Sirius Minerals lines up contractors for huge potash mine, may lower cost estimates
London-listed Sirius Minerals (LON:SXX), the company building a $3.6 billion potash mine beneath a U.K. national park, said Thursday it has lined up contractors for key components of its North Yorkshire project .
The company will use Associated Mining Construction UK (AMC), known for its expertise in shaft sinking for potash projects, for the design and building of the mine, as well as for site development works.
This will include all of the shaft construction at the mine site, Sirius said in the statement.
In the past, AMC — a joint venture between Thyssen Group and Redpath Group — has worked with major potash producers such as Mosaic (NYSE:MOS) and Uralkali (LON:URALL).
The company also appointed Hochtief Murphy Joint Venture for the construction of the mineral transport system, specifically the tunnel that will link the mine with the materials handing facility.
Sirius’ mine, poised to be one of the world’s largest in terms of the amount of resources extracted, is set to generate an initial 10 million tonnes per year of polyhalite – a form of potash that is used in plant fertilizers –, before it enters a second phase that will double that production to 20 million tonnes a year.
York Potash mine is expected to create about 1,800 jobs during construction and 1,000 permanent positions once opened.
The project is being tackled in stages, and now that Sirius has selected its key contractors it said it will have a better idea about the initial costs of the project.
The miner noted it plans to revise its capital requirements for stage one of the project, which it said should reflect “a reduced cost in the near future.”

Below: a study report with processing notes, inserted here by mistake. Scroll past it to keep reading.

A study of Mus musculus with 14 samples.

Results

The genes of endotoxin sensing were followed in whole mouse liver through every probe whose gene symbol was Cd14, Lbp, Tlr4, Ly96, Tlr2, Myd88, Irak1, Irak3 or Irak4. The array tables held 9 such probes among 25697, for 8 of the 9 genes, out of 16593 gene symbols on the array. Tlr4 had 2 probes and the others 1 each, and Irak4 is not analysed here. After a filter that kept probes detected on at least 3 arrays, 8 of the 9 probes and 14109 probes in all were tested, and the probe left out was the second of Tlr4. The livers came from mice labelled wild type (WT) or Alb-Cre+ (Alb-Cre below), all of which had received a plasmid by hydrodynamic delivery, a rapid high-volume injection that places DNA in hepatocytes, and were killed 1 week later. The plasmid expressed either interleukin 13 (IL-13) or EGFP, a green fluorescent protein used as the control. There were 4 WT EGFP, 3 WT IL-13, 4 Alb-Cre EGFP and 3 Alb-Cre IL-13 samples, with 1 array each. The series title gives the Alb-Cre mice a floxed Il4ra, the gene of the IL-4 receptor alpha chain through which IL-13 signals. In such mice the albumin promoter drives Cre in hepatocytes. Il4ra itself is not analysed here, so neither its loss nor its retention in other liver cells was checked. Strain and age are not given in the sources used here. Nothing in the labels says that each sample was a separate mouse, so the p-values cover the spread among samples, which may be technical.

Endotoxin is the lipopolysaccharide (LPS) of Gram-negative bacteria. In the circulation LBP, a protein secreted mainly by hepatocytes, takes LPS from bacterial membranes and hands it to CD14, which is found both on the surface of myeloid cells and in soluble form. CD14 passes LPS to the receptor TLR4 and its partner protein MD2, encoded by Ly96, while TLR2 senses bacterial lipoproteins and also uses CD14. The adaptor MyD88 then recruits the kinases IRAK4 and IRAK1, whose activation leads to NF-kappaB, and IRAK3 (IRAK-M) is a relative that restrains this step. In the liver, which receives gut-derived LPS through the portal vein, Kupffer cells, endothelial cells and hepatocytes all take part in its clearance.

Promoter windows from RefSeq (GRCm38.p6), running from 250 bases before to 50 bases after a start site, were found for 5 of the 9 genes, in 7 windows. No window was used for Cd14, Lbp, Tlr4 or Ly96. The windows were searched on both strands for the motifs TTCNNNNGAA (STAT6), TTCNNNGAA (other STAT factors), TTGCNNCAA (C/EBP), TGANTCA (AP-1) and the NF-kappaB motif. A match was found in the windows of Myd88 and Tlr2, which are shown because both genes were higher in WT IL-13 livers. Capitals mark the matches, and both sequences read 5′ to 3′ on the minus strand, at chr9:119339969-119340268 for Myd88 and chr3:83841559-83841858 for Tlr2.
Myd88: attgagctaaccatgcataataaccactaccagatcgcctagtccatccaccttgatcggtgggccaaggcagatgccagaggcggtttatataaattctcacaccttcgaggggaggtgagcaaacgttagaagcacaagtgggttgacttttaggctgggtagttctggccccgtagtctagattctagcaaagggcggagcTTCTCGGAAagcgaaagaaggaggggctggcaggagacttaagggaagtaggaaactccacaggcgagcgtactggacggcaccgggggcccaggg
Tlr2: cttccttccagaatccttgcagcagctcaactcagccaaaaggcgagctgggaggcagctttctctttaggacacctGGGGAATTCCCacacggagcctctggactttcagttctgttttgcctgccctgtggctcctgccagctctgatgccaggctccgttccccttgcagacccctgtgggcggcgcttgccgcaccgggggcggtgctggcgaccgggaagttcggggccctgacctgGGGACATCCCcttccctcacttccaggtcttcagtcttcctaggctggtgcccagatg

Sirius had originally expected to begin production in late 2016, with initial output of 5 million tonnes per year and had signed a few future supply agreements. The current development schedule, however, points at 2018 as the most likely time for production to begin.
Current potash market conditions don’t seem optimal for new players. The already oversupplied sector has seen several other major developments, the biggest being BHP Billiton’s (ASX:BHP) Jansen mine with its 5.3bn tonnes of measured resources and 1.3bn tonnes of inferred potash, going back to the drawing board.
Demand and prices remain weak. Russia’s Uralkali, the world’s largest potash miner by volume, said in April it expected demand to fall to 58-60 million metric tons, down from 61 million tons in 2015. Meanwhile, prices for the fertilizer ingredient have fallen $58 per tonne to around $240 from $297 in March 2015, and are way below the $800 per tonne price of 2008.
Producers such as BHP need prices as close as $500 per tonne as possible, so they can cover construction costs. However, other major players such as Canada’s Potash Corp (TSX, NYSE:POT) —the world’s largest fertilizer company by capacity — are more positive. The Saskatchewan-based miner expects demand to rise from about 50 million tonnes per year in 2015 to about 70 million tonnes by 2020, as the world population and food demand continues to increase.